On August 27, 2013, Comptroller Thomas P. DiNapoli reported that employer contribution rates for the New York State and Local Retirement System will decline slightly in Fiscal Year 2014-15.
The average contribution rate for the Employee Retirement System (ERS) will decrease by 0.8 percent of payroll, from 20.9 percent to 20.1 percent. The average contribution rate for the Police and Fire Retirement System (PFRS) will decrease by 1.3 percent of payroll, from 28.9 percent to 27.6 percent.
“The New York State Common Retirement Fund’s strong gains over the last four years have mitigated some of the impact of the financial market collapse of 2008-2009,” DiNapoli said. “Strong investment performance, along with a revision in actuarial smoothing, has lowered the employer contribution rate for 2014-15.”
Employer rates are determined based on actuarial assumptions recommended by the Retirement System’s actuary and approved by DiNapoli.
The Retirement System’s actuary recommended a change based on a recommendation from Buck Consultants, LLC, as part of an independent actuarial review which is performed every five years. The previous method separated assets into equities and non-equities, while the new method expects the entire fund to earn the assumed rate of return and smoothes any unexpected gains or losses. According to Buck, the new method is generally used by the majority of public pension systems nationwide.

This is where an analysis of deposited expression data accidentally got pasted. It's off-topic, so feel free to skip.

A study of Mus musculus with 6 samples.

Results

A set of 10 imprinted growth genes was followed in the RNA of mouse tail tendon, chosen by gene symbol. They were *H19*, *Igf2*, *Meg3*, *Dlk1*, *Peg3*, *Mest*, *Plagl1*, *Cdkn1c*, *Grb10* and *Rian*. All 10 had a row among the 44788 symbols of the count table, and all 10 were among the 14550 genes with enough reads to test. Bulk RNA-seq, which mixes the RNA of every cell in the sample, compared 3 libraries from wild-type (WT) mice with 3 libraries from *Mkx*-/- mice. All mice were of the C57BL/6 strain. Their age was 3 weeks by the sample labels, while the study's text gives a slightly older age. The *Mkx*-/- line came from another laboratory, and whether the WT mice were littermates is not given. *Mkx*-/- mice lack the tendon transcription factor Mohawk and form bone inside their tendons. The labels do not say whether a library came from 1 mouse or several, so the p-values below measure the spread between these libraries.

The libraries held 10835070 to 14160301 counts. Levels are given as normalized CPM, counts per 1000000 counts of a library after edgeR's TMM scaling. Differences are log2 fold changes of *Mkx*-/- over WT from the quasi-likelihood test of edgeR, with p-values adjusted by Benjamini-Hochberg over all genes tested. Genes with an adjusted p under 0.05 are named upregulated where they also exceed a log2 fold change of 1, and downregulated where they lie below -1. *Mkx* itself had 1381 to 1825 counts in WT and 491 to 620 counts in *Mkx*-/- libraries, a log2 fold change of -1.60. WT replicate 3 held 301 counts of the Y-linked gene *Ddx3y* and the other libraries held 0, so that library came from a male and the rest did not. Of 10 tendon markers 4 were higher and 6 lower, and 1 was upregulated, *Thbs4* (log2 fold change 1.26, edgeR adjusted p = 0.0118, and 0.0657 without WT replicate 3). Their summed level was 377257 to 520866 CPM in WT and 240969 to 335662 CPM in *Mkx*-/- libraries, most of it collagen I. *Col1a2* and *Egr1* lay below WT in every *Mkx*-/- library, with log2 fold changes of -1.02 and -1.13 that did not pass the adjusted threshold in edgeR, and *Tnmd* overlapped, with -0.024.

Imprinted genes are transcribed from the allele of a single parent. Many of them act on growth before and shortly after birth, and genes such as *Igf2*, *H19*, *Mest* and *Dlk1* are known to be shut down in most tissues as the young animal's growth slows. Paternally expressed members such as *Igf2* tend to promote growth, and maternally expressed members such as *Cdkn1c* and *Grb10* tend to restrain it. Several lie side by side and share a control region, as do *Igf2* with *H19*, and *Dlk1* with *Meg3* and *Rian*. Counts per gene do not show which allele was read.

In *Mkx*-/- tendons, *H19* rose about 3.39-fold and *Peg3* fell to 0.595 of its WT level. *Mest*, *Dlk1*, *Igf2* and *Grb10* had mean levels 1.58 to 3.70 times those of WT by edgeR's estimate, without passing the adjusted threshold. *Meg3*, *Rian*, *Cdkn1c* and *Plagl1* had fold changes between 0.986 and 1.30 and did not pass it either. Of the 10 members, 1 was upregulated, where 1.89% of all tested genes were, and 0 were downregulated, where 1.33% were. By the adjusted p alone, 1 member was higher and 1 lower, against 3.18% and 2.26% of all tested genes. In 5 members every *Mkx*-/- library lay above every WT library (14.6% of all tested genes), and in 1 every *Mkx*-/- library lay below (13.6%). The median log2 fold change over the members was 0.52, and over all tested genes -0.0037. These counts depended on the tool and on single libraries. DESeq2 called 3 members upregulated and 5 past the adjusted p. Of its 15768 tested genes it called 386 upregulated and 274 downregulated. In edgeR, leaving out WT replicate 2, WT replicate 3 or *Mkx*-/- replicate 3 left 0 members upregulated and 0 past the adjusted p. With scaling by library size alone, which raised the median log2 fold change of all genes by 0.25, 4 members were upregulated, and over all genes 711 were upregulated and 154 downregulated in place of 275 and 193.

In 2012, DiNapoli directed the Retirement System to give employers access to a full projection of their annual pension bill by September 1, six weeks earlier than in previous years. Employers use this projection for preparation of their local budgets and calculation of tax levies subject to the property tax cap effective for fiscal years that begin in 2014.
Projections of required contributions will vary by employer depending on factors such as retirement plans, salaries and the distribution of their employees among the six retirement tiers. The employer contribution rates announced today will apply to each employer’s salary base during the period of April 1, 2014 through March 31, 2015. Payments based on those rates are due by February 1, 2015, but may be pre-paid on December 15, 2014.
N.B. The property tax cap generally limits the amount a government entity can increase its annual tax levy to two percent or the rate of inflation, whichever is less. The cost of pensions above a change in the average contribution rate by more than two percentage points is excluded from the tax cap. Since the ERS and PFRS rates have declined, there will not be any exclusion for this period.